Mr. Ford has cancelled a deal his predecessor signed with the federal government in November that aimed to coordinate provincial and federal policies for dealing with the thousands of asylum claimants who have crossed the Quebec border with New York and travelled to English-speaking Ontario for shelter, and ended his government’s cooperation with the feds on the issue, The Toronto Star reported. He has given no sign so far that he plans to hash out a new agreement.

The federal government has specifically been looking for information from Ontario on the location of shelter and social housing spaces outside of Toronto, so it can direct border-crossers to travel to those places instead of the big city. Toronto Mayor John Tory has pleaded for help from both levels of government, saying Toronto’s social housing can’t accommodate any more migrants as they wait for work permits that would allow them to pay for shelter on their own, or Immigration and Refugee Board decisions on the validity of their claims.

However, Mr. Ford and Ontario Social Services Minister Lisa MacLeod are portraying their decision to cancel the deal and suspend their cooperation as a matter of principle; the federal Liberals are to blame for attracting the asylum-seekers and allowing them to cross the border illegally, so the Ontario government shouldn’t have to help them clean up the mess, or to pay for their accommodation, seems to be the argument.

Ms. MacLeod blamed the sudden flood of migrants on a tweet from Prime Minister Justin Trudeau in January 2017, a day after U.S. President Donald Trump announced a ban on refugees, as well as on travellers from seven Muslim-majority countries. “To those fleeing persecution, terror & war, Canadians will welcome you, regardless of your faith. Diversity is our strength #WelcomeToCanada,” read Mr. Trudeau’s tweet.

“He was the one that tweeted out that everyone was welcome here, and, as a result of that, we’ve had thousands of people cross the border illegally and it’s putting a strain on many of our public resources,” Ms. MacLeod told reporters last week. “If he wants to welcome them in, that’s fine, but he should make sure he’s paying for them and compensating the municipalities as well as the provincial government.”

The most recent wave of asylum-seekers who have descended upon Ontario is made up mostly of Nigerians who successfully picked up temporary U.S. visas, flew there, and headed north. The Immigration and Refugee Board has determined that more than half of them are not legitimate refugees—it has accepted 30 per cent of asylum claims from Nigerians this year, versus 44 per cent for each of the past two year— who are “fleeing persecution, terror, and war,” as Mr. Trudeau put it.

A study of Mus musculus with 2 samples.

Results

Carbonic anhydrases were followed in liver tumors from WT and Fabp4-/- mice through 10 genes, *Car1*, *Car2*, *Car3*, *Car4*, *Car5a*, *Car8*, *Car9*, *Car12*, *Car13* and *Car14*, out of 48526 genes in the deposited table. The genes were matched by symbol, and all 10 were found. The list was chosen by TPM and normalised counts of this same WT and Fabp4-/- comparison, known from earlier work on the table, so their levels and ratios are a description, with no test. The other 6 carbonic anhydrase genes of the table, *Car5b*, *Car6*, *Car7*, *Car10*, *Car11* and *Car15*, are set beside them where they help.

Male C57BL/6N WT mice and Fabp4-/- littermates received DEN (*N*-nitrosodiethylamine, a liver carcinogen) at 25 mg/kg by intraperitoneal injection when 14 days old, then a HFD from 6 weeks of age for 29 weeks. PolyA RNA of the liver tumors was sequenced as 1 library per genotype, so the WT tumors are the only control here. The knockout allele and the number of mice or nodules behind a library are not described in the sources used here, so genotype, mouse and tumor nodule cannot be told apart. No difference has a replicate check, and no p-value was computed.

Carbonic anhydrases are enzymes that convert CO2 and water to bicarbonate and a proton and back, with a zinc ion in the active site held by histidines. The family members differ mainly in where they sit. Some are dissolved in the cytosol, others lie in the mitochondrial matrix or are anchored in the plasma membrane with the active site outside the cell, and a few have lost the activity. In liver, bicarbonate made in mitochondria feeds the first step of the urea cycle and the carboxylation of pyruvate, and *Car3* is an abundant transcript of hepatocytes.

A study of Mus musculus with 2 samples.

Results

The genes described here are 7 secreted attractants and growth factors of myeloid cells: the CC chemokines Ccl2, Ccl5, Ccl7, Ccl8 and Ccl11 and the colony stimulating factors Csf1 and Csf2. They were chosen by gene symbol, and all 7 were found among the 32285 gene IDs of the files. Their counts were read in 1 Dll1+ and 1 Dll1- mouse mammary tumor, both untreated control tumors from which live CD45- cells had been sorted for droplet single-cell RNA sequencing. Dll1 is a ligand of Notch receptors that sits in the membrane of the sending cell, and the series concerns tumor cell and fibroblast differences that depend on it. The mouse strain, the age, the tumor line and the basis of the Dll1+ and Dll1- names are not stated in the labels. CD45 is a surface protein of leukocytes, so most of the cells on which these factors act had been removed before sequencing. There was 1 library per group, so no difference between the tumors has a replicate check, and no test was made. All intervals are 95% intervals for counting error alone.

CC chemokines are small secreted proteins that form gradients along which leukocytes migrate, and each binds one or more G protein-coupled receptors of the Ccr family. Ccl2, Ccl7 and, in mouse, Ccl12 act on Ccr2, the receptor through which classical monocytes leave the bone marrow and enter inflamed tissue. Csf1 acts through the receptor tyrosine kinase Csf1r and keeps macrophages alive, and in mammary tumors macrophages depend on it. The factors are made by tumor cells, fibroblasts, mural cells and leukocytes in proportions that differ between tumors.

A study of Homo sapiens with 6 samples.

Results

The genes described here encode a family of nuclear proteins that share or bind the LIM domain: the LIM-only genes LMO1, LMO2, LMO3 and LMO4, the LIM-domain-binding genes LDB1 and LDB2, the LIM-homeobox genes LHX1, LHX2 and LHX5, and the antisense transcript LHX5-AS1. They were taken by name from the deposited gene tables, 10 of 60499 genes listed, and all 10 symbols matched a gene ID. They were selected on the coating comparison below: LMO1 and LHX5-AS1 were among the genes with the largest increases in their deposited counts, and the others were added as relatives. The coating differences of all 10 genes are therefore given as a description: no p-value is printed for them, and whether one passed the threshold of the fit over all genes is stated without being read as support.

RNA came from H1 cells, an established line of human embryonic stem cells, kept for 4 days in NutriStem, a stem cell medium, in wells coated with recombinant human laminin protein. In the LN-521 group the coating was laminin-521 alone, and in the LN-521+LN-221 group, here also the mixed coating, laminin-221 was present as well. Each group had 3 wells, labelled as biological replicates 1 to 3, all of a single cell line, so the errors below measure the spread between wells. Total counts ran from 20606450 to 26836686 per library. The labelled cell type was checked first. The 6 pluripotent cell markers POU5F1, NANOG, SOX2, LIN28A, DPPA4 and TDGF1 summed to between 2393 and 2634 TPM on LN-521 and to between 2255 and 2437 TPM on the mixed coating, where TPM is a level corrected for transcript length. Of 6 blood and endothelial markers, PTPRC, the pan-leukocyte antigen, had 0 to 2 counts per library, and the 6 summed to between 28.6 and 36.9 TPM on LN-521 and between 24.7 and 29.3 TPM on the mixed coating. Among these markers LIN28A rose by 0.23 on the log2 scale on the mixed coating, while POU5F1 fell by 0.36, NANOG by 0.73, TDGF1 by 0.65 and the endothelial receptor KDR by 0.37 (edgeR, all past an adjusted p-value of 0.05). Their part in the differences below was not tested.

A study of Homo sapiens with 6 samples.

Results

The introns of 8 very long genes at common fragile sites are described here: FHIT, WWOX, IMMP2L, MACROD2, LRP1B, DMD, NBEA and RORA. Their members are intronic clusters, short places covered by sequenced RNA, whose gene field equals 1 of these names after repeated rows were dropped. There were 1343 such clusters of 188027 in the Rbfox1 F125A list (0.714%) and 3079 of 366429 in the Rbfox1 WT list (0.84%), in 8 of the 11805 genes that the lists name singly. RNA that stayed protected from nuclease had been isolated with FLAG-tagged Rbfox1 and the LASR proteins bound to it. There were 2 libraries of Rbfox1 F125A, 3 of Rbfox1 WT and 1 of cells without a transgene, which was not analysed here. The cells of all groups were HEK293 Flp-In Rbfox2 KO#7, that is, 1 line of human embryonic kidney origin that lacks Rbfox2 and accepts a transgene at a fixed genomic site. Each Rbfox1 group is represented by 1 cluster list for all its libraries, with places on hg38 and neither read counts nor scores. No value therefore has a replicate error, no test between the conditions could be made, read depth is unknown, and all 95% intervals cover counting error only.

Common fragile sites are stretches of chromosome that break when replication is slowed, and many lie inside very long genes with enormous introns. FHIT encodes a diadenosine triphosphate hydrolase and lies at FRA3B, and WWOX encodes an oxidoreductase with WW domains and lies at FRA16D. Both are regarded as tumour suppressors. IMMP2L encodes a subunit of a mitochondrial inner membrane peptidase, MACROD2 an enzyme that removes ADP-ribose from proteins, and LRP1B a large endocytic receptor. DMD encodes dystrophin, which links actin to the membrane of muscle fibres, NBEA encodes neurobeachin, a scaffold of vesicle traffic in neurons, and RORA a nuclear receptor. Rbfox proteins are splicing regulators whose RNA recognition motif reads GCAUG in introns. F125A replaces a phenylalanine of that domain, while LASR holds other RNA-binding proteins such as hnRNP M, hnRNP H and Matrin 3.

Some, including the federal Conservatives, are arguing that the Safe Third Country Agreement with the United States should be extended to cover the whole border, allowing the government to turn the asylum-seekers back into the U.S.. The Liberals and others who oppose that idea say Canada’s border is too big to physically block migrants at every possible entry point, and that the Donald Trump administration has signalled it will reject refugee claimants fleeing domestic or gang violence. There’s room for a healthy debate there; in reality, the vast majority of migrants crossing into Quebec are coming in a spot so narrow and predictable that Mounties are there waiting for them, and could block them, though doing so could simply encourage them to re-route to other crossings.

But Mr. Ford and Ms. MacLeod aren’t arguing for a change to the Safe Third Country Agreement or a better arrangement with the feds. They are either, it seems, playing hardball for more funding from the feds—not unreasonable, given that Ottawa’s promised $11-million for the province won’t buy a lot of housing in urban Ontario—or simply washing their hands of a problem that they did not engineer, but that nonetheless is affecting Ontario residents.

Federal-provincial cooperation on an issue that affects both levels of government is, at face value, what Canadians would expect from their elected officials. Let’s hope there’s more to Premier Ford’s plan than simply walking away from the problem.